Prepare now to help people age well: ADB

Prepare now to help people age well: ADB


Tbilisi, May 2

The longer lifespans that reflect the development success of developing Asia and the Pacific are posing increasing challenges to secure the well-being of the rapidly ageing population. At the same time, economies have an opportunity to reap a ‘silver dividend’ in the form of additional productivity from older people, which could boost gross domestic product in the region by 0.9 per cent on an average.

This was highlighted in the ‘Aging Well in Asia: Asian Development Policy Report’, released today by the Asian Development Bank (ADB) at its 57th Annual Meeting, which commenced here.

The number of people aged 60 and older in developing Asia and the Pacific is set to nearly double by 2050 to 1.2 billion – which translates to about a quarter of the total population – significantly increasing the need for pension and welfare programmes as well as health care services. This could be concerning as the region faces challenges from low pension coverage to health problems, social isolation, and limited access to essential services.

“Asia and the Pacific’s rapid development is a success story, but it’s also fuelling a huge demographic shift, and the pressure is rising,” said ADB Chief Economist Albert Park. “Governments need to prepare now if they’re going to be able to help hundreds of millions of people in the region age well. Policies should support lifetime investment in health, education, skills, and financial preparedness for retirement. Family and social ties are also important to foster healthy and productive populations of older people and maximise their contribution to society.”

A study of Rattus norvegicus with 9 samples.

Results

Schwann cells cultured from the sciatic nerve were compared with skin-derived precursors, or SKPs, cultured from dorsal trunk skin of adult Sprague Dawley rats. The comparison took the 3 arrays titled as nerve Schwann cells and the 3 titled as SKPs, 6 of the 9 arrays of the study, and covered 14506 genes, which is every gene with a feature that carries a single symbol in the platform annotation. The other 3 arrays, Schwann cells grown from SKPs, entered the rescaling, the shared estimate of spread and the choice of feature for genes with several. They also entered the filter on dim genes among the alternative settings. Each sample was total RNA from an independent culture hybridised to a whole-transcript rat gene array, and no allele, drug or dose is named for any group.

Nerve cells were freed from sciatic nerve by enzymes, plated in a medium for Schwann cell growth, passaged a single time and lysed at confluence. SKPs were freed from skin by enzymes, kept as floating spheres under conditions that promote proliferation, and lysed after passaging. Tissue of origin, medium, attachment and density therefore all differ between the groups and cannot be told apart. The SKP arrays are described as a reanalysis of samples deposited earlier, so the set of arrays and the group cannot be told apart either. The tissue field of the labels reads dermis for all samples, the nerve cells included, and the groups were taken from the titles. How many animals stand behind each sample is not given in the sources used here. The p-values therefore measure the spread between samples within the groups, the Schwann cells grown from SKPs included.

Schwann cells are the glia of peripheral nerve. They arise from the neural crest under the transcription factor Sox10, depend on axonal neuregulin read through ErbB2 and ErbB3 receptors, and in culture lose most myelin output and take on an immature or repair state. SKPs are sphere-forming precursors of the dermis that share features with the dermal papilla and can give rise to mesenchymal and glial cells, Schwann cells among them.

According to the report, 40 per cent of people over age 60 in Asia and the Pacific lack access to any form of pension – with women disproportionately affected, as they are more likely to do unpaid domestic work. As a result, many older people in the region have no choice but to work well beyond retirement age to survive. Among those still working at age 65 or older, 94 per cent work in the informal sector, which typically doesn’t provide basic labour protections or pension benefits.

Physical and mental health challenges also increase with age. Around 60 per cent of older people in Asia and the Pacific do not attend or receive regular health checks, while 31 per cent report depressive symptoms owing to illness, social isolation, and economic insecurity. Older women in the region are also more likely than older men to suffer from ill health, from depression to diabetes and hypertension.

The report recommends a wide range of policy measures to support healthy and economically secure ageing. Among these are government-assisted health insurance and pension plans, improved health infrastructure, and free annual check-ups and lifestyle evaluations. Policymakers should aim for universal health care coverage, while basic labour protections should be extended to older informal workers, according to the report.

By making mandatory retirement ages more flexible, helping older people stay healthy, and providing them with suitable work opportunities as well as lifelong learning and skills development, economies in the region can help older people stay productive longer.

Arnaud Cauchois, ADB country director for Nepal, who is attending the ADB’s 57th Annual Meeting here, said, “I understand that the government of Nepal already provides senior citizens with monthly allowances, insurance coverage, and medical allowances for certain diseases. Looking ahead, it’s crucial for the government to prioritise investment in long-term care infrastructure and comprehensive social services and create an enabling environment for the private sector to collaborate with the government, so the joint efforts will expand the range of services available to meet the diverse needs of aging populations. Although we do not have any specific programme yet in this regard, ADB stands ready to support.”